Labour force in minerals

The Minerals Council of Australia (MCA) has released a report that projects the demand for labour in the minerals sector for nine major commodities in Australia from 2008 to 2020.

The Minerals Council of Australia (MCA) has released a report that projects the demand for labour in the minerals sector for nine major commodities in Australia from 2008 to 2020.

The labour demand projections are based on mineral output projections for the major commodities to 2020, supplied by Access Economics.

In addition, the levels of employment for the major occupational categories are projected to 2020.

This enables a comparison of the increase in projected demand for labour by occupation with the total size of employment in the corresponding occupational categories Australia-wide in 2020.

The report projected the total number of people employed Australia-wide in nine level 1 Australian Standard Occupational Categories (ASCO) by 2020.

Of these nine categories managers and administrators, professionals, associate professionals, tradespersons and related workers, intermediate production and transport workers, labourers and related workers represent the overwhelming majority of employees at Australian mines.

According to the report, the economy-wide projections of these six major occupational categories present the following characteristics:

• The total number of persons in Australia in these six ACSO occupational categories are expected to grow by around one million persons in the 12 years to 2020 or by 15%;

• The two fastest growing occupational categories in Australia, by a significant margin, are ‘Managers and Administrators’ and ‘Associate Professionals’ which are projected to grow at 36 and 28% respectively. This contrasts markedly with the national figures for the groups ‘tradespersons and related workers’, ‘intermediate production and transport workers’ and ‘labourers and related workers’, which are projected to grow at 2, 5 and 4% respectively. These varying relative growth rates across occupations reflect the general growth trends of the economy and its changing industry structure, for example, the relative growth of services compared with manufacturing. The report indicated a significantly increased demand for labour in the mining sector leading up to 2020. Key findings include the following:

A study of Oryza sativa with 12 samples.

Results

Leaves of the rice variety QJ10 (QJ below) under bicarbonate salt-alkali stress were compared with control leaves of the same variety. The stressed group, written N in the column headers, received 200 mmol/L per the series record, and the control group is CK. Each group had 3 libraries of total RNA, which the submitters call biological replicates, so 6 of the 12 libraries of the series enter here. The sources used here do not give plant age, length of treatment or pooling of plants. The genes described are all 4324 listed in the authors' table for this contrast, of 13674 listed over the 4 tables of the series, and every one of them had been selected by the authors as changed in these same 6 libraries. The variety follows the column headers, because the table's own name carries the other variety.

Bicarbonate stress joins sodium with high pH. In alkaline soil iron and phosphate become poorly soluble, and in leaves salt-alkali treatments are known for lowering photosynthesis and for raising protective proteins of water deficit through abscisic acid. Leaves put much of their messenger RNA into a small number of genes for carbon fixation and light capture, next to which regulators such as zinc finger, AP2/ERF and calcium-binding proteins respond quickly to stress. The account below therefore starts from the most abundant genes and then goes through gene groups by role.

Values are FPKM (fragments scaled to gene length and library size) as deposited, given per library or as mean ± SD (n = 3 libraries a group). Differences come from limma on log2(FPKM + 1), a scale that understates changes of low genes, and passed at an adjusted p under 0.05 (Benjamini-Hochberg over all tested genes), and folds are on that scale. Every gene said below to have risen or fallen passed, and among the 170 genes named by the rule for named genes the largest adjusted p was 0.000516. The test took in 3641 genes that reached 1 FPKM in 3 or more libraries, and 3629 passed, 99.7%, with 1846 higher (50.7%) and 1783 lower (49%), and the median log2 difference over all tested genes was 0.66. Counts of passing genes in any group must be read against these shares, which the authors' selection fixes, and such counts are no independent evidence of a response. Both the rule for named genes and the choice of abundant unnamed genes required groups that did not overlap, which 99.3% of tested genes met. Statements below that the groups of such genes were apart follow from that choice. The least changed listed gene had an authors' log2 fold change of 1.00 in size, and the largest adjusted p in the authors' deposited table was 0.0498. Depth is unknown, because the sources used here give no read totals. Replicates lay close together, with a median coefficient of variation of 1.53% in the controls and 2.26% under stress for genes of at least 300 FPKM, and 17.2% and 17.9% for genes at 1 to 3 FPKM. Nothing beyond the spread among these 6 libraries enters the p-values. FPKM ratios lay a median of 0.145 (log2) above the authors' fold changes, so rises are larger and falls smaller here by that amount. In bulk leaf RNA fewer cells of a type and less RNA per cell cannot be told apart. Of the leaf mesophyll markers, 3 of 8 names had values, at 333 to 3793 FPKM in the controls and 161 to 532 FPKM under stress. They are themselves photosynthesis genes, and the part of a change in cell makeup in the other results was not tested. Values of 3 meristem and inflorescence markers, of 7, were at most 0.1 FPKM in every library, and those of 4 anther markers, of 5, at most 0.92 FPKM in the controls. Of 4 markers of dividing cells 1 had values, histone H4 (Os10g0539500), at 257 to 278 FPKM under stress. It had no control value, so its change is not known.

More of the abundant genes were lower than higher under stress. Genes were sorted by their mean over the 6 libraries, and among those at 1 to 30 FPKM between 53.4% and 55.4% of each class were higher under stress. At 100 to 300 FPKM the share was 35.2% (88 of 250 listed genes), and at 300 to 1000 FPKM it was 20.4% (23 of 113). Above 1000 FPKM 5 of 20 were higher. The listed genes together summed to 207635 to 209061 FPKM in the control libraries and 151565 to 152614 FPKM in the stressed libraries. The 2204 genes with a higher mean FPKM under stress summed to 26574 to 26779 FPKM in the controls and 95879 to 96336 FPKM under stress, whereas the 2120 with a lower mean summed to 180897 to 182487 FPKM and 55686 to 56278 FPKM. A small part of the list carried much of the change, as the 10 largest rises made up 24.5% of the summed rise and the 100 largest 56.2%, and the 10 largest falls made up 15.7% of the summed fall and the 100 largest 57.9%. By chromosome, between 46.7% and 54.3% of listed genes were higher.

• To achieve currently predicted increases in output and assuming no significant changes in labour productivity, the mining sector will need to employ 86,000 more workers, from 128,000 in 2008 to 215,000 in 2020, an increase of 68%;

• The largest state increase, by a significant margin, will be in WA with a projected increase of 47,700 persons or 85% growth in demand for labour and representing a 55% share of the total national increase in demand; • By mineral commodity, the largest increases are projected to be in iron ore (20,814 persons or 106%) and coal (18,896 or 53%);

• The greatest increase in the demand for labour in absolute terms by occupational category is projected to be in the ‘Tradespersons’ and ‘Semi5 skilled workers’ categories with these together accounting for an increase of 61,386 or 71% of the overall increase. According to the report, it is clear from the combined demand and employment projections that the occupational categories for which demand from the mineral sector is expected to grow most rapidly are those for which total economy-wide employment is projected to grow most slowly – ‘Tradespersons and Related Workers’ and ‘Intermediate Production and Transport Workers’.

This is perhaps the most significant single observation from comparing the total employment and labour demand projections.

In terms of the mining industry’s capacity to attract sufficient labour there are two ways to interpret this projected outcome.

The negative interpretation is that the pool of potential employees in these occupational categories will grow only slowly and will shrink relative to total employment and that this will make it more difficult for the mineral sector to attract the labour it needs.

Before settling on this interpretation, however, it is necessary to consider why the numbers in these categories are likely to be in relative decline.

One of the main reasons is likely to be that the demand for workers in these occupational categories is declining economy-wide.

Therefore, on a more positive interpretation, the fall in demand for these occupational categories from sectors such as manufacturing represents an opportunity for the mining industry to attract workers from these other sectors.

In addition, it must be emphasised that the total number of new workers required by the minerals sector is still relatively small compared to the total number of workers nation-wide in these occupational categories.

This interpretation implies that there is likely to be sufficient capacity in the labour market in the two key occupational categories to meet the industry labour demand.